By David C. Leven
Earlier this month, California enacted the End of Life Option Act to allow aid in dying, the process by which a terminally ill, mentally competent patient with less than six months to live may request a prescription for medicines that the patient may take to end intolerable suffering and achieve a peaceful death. In doing so, it became the fifth state to affirmatively legalize aid in dying. New York, which has both legislation and a lawsuit pending to achieve aid in dying, should be next.
When suffering becomes intolerable, terminally ill patients should have this option available along with other options that also result in death, such as the withdrawal of a ventilator, stopping dialysis, voluntarily stopping eating and drinking and palliative sedation.
What we have learned about aid in dying, which has been extensively studied for almost two decades, is that it is a safe practice and rarely used. Only about three of 1,000 patients end their lives by taking the prescribed medicines, and about one-third of those patients who get the prescriptions never take the medicines. But thousands of others are greatly comforted knowing that this option is available.
A 2007 study in the Journal of Medical Ethics found that there is no disproportionate impact on or reason to be concerned about abuse of vulnerable populations. Moreover, 80 percent of patients who take the medicines are in hospice (compared to only 50 percent nationwide), receiving excellent end-of-life care. But even that care is not enough to sufficiently control the suffering of a small number of patients.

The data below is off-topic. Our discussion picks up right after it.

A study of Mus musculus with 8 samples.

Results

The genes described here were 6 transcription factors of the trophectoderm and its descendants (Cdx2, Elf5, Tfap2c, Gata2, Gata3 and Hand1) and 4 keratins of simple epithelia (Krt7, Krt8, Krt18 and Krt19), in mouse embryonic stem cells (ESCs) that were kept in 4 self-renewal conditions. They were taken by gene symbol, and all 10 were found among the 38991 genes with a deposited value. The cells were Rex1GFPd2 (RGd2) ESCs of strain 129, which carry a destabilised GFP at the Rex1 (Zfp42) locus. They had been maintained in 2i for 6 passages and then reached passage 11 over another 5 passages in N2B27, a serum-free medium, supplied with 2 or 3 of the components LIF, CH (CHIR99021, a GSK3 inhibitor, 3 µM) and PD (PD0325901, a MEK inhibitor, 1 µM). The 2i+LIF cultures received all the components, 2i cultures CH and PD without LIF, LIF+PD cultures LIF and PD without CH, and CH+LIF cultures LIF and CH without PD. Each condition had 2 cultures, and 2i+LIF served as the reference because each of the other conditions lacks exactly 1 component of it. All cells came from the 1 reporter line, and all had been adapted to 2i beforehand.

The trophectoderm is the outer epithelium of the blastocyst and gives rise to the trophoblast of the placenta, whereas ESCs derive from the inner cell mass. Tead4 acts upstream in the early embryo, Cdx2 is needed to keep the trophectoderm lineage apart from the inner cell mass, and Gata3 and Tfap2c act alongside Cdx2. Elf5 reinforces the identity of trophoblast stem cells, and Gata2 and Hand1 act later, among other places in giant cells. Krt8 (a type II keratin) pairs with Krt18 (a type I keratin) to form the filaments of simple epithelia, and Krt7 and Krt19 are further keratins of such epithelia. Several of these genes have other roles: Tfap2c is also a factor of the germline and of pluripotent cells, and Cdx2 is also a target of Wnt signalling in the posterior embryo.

It is no wonder that aid in dying now enjoys the support of some 81 percent of New Yorkers, according to a September poll. The support cuts across political and religious affiliations. And doctors themselves support aid in dying by a margin of 54 percent to 31 percent.
Currently, however, doctors and loving family members in most states are at risk of imprisonment when they help patients die with life-ending medicines. And they face a terribly unfair dilemma when a dying patient asks for needed help.
Yet the practice does go on underground, but illegally and unregulated. It must be made legal and appropriately regulated.
When Gov. Jerry Brown signed the California bill into law he reasonably and compassionately said, “I do not know what I would do if I were dying in prolonged and excruciating pain. I am certain, however, that it would be a comfort to be able to consider the options afforded by this bill. And I wouldn’t deny that right to others.”
Aid in dying must be a right available to terminally ill, mentally competent patients; and the government should not interfere with this most personal and intimate decision. It is time to legalize aid in dying in New York.
David C. Leven is the executive director of End of Life Choices New York.